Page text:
Grubs Rubbing You the Wrong Way?


White grubs are the larval stage of several types of beetles. The adult beetles don’t do any harm to lawns, but the grubs can completely destroy turf if they’re not controlled.

Life Cycle

These insects go through four life stages: egg, grub (larva), pupa and adult. The adults lay their eggs in lawns in mid to late summer, and the eggs hatch two to three weeks later into grubs. The grubs live in the soil under the thatch layer, feeding on grass roots through late fall. They then overwinter in the soil and feed again in the spring before pupating and emerging as adult beetles.

A Hidden Threat

Since they’re hidden below the thatch layer, grubs can go unnoticed while they eat the roots out from under your lawn. That’s why it’s important to perform a periodic grub check. You can do this by pulling up a small patch of turf with your hands. If the turf pulls up easily, and you see white grubs in the soil, control will be needed.


A variety of control options can be used to stop grubs from damaging your lawn. They should be treated before damage begins to appear, or as soon as they’re discovered. Either way, remember that they won’t disappear on their own! Give King GREEN a call today for more information or to schedule grub control for your lawn.


Mowing: A Hot Summer Topic


No matter how you cut it, mowing has a lot to do with keeping your lawn in good shape. Here are some tried-and-true mowing tips for the summer season:

Height to Set Your Mower:

Grass needs its leaves to produce food and to shade and cool the soil. The ideal height for most grasses is 2 1/2" to 3" in hot weather (1/2" to 1" shorter when it gets cool).

How Often to Mow:

Mow often enough so that no more than 1/3 is removed from the lawn’s height. To cut more than 1/3 at a time causes a shock from which it takes weeks to recover.

When to Sharpen Blades:

For a well-manicured look, sharpen the mower blades once a month (or at least two to three times per season). Dull mower blades shred grass tips, leaving them jagged looking with straw-colored tips.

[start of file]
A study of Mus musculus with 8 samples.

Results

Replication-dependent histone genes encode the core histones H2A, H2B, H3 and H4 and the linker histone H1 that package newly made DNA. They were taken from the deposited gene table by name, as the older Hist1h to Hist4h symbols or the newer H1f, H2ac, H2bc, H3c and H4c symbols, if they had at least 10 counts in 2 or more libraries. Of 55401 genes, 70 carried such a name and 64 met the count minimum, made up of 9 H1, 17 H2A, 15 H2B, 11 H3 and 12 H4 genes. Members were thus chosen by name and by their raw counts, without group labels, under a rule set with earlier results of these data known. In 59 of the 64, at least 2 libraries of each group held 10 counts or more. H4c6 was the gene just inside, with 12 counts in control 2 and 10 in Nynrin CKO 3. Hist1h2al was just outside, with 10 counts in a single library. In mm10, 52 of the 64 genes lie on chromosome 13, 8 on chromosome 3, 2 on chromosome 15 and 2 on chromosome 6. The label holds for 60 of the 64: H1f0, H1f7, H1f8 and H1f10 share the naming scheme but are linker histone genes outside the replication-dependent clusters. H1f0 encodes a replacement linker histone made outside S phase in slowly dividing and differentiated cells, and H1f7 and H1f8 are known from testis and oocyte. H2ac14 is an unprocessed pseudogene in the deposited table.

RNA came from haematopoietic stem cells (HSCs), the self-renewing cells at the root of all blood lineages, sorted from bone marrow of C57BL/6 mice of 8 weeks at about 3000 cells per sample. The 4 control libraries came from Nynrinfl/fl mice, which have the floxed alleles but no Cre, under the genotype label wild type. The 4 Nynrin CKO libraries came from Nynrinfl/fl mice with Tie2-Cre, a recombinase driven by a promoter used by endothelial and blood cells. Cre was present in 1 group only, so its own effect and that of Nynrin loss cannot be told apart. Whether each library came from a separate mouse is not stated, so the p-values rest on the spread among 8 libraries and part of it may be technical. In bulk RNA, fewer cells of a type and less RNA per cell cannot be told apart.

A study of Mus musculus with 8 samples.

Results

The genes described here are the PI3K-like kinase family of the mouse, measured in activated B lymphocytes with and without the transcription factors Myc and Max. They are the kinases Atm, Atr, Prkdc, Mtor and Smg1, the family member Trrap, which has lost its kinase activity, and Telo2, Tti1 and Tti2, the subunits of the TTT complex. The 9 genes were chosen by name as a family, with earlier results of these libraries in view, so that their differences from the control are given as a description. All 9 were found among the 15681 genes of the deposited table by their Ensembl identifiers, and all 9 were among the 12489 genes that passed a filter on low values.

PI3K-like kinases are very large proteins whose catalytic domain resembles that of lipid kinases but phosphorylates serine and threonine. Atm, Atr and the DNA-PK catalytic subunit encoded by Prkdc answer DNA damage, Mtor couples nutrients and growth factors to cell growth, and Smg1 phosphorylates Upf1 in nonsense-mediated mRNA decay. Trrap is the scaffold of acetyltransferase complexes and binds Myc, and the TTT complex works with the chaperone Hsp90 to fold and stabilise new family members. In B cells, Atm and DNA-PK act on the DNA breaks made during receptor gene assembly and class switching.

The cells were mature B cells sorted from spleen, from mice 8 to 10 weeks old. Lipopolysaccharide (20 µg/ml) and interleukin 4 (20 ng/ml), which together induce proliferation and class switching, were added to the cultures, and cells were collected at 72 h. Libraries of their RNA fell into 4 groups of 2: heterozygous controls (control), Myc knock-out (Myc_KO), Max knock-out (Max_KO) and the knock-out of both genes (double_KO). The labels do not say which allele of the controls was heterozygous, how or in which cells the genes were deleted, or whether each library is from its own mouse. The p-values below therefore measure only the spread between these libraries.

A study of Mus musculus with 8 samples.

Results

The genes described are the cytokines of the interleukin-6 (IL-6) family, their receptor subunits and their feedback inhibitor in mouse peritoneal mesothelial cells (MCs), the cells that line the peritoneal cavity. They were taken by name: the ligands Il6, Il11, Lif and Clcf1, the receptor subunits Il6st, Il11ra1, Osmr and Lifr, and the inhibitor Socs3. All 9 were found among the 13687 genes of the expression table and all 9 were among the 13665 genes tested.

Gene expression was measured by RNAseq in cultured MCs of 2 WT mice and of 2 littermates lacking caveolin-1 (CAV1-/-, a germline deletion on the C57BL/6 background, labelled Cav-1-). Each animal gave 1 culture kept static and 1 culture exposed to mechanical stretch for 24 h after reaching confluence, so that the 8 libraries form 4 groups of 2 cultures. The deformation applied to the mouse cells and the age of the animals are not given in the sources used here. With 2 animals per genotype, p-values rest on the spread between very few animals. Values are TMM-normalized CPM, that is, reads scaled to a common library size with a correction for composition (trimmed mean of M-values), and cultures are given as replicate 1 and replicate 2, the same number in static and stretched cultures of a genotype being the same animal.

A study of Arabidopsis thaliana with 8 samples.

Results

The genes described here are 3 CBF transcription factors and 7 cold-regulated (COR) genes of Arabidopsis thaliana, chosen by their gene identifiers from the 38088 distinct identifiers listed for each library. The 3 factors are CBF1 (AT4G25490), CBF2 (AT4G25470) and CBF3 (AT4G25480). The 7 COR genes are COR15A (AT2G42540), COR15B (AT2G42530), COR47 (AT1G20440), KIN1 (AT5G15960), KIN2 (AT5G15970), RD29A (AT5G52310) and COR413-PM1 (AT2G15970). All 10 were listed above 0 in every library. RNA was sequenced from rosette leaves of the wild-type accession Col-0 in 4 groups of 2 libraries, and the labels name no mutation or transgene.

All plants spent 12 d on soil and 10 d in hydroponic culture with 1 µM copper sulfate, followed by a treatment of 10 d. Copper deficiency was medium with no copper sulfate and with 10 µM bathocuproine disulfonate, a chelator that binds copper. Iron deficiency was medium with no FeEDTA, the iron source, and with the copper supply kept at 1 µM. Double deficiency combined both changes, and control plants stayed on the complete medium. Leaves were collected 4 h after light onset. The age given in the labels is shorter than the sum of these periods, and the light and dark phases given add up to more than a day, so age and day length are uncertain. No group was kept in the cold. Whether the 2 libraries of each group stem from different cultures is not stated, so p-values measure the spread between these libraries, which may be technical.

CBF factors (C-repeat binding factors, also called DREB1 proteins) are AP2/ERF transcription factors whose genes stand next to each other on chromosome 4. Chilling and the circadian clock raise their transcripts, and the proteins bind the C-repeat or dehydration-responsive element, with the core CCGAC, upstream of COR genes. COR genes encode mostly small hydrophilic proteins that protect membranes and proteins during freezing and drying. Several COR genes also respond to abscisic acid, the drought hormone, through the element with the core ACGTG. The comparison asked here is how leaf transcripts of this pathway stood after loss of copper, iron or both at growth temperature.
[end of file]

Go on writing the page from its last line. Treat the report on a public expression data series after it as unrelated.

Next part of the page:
Oil is Cheaper Than Engines:

Proper lubrication will add years to a mower’s life. Change the oil several times per season. Also, be sure to check the oil level and “top it up” each time you mow. If you mix gas with oil, be sure to use 2-cycle oil only.


Drought and/or Heat Stress

Drought and heat stress are caused by high heat and lack of rainfall. This can particularly be a problem in the Atlanta area because of hot, dry summers. Watering consistently is one of the most important maintenance practices in taking care of your lawn. After all, 80% of a grass plant is comprised of water. Without adequate water, grass soon turns brown and becomes dormant. An early clue to dryness is when grassy areas show a dark bluish–green cast. Begin applying water when the soil starts to dry out and before the grass wilts and has a chance to become brown. Water 1" to 1 1/2" per week (1" of water should re–wet the soil about 6" deep). To determine how much water has been applied, set a straight–sided can under the sprinkler.


A word of caution about watering: A single watering during a drought period is likely to do more harm than good. If the grass cannot be kept actively growing with sufficient water, it's best to let the grass go dormant. Inconsistent or “light” watering during extended dry periods will slow the rate of recovery when adequate rainfall does occur. Some things you can do when water is short or expensive are:
1. Water only that part of the lawn where improvement is most important.
2. Water only in the early morning.
3. Aerify the lawn to increase water penetration.
4. Mow regularly until growth slows, but at a higher, rather than lower, cutting height.
5. Make each watering consistent and one that wets the soil to a depth of 6".